Minister for Health, The Honourable Greg Hunt has called for a plan to end avoidable blindness in Indigenous communities.
The Minister was addressing a parliamentary event to raise awareness about glaucoma organised by the Royal Australian and New Zealand College of Ophthalmologists (RANZCO), Glaucoma Australia and Specsavers. Mr. Hunt praised the collaborative efforts of the ophthalmology and optometry sectors to deliver the most effective and efficient eye care possible. He stressed the importance of addressing eye health inequalities in Indigenous communities and asked RANZCO to develop a national plan to eradicate avoidable blindness, including from treatable eye diseases such as glaucoma, in those communities.
Glaucoma affects 300,000 Australians, with that number expected to rise to 400,000 by 2025, yet around half of the cases remain undiagnosed. It is often referred to as the ‘silent thief of sight’ because of its lack of early symptoms and warning signs. A gradual loss of sight, in particular loss of peripheral vision, is usually the first sign of glaucoma.
MPs and Ministers Undergo Screening
While at the event on 12 September, 27 MPs and Ministers were introduced to a series of tests including the Tonoref III, the Maestro OCT, a slip lamp test and a Humphry Matrix visual field analyser.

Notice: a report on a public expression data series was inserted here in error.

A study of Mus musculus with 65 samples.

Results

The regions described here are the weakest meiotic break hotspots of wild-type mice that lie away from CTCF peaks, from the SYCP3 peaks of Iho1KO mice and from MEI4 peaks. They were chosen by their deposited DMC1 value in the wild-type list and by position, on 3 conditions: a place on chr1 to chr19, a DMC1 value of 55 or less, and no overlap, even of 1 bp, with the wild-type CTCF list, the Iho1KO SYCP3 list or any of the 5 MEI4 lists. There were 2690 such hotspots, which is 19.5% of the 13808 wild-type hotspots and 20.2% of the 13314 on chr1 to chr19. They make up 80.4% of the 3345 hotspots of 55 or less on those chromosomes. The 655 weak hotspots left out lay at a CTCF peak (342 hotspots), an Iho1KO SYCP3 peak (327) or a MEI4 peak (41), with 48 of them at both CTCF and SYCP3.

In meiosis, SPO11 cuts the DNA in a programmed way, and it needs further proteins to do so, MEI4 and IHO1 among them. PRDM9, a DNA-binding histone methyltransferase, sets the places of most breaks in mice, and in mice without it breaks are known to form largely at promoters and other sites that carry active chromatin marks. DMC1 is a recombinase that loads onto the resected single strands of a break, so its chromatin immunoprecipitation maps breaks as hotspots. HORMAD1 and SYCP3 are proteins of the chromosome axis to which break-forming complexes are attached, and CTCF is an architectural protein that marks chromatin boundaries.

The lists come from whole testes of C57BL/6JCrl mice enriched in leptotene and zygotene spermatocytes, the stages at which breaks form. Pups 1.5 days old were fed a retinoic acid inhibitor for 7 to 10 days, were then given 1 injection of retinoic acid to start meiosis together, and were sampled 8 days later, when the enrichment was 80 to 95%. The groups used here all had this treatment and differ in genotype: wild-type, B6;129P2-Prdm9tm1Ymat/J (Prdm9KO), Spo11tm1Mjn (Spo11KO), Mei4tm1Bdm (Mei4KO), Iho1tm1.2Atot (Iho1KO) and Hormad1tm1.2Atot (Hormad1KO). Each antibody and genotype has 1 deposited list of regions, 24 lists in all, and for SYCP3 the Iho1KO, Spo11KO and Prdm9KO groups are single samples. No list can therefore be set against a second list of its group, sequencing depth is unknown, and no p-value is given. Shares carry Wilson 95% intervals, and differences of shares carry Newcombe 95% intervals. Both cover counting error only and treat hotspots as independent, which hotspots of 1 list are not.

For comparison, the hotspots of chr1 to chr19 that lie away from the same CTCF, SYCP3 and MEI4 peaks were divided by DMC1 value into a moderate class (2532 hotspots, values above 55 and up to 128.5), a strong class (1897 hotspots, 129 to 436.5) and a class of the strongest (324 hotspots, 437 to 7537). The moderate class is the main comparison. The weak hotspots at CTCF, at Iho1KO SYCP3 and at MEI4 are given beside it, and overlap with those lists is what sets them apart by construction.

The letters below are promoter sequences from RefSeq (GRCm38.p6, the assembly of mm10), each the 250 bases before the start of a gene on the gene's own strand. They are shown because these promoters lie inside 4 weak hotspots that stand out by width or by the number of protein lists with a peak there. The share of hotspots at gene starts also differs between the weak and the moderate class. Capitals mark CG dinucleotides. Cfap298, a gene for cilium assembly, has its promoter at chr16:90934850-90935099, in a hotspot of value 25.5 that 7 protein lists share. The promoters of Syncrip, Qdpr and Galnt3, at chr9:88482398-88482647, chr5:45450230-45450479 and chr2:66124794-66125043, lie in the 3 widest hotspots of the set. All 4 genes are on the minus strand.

In addition, they received a walkthrough of the RANZCO glaucoma patient pathway and heard how Specsavers will introduce an OCT machine into every Australian store over the coming three years. Specsavers’ Head of Optometry, Dr. Ben Ashby, explained to Health Minister Greg Hunt that the screening would be the world’s largest ‘every-patient’ glaucoma screening program and that the resulting data would be likely to provide new insights into the disease and its prevalence in Australia.
Power of Collaboration
Dr. Ashby said the screening program provided an opportunity for optometrists and ophthalmologists to demonstrate the importance of collaboration in practice.
“Over the past few years, various government agencies and workforce studies have demonstrated that optometry and ophthalmology need to work more closely together, not just to satisfy patient demand but also to ensure duplication of tasks is reduced. Our work with RANZCO is delivering on that and the patient pathway for glaucoma is a classic example of effective division of responsibility between optometrists and ophthalmologists. The Parliamentary Glaucoma Testing Day also showed how far we have come with RANZCO, Glaucoma Australia and Specsavers demonstrating what collaboration means in practice.’
“Beyond that, if we take a collaborative approach as the way forward, then we also need to track and measure our effectiveness. For us at Specsavers, we have settled on using the Oculo electronic patient referral system for this purpose and we have integrated that into our practice management software. This allows for systematic reporting on collective patient data and health outcomes, along with detection and diagnosis rates.”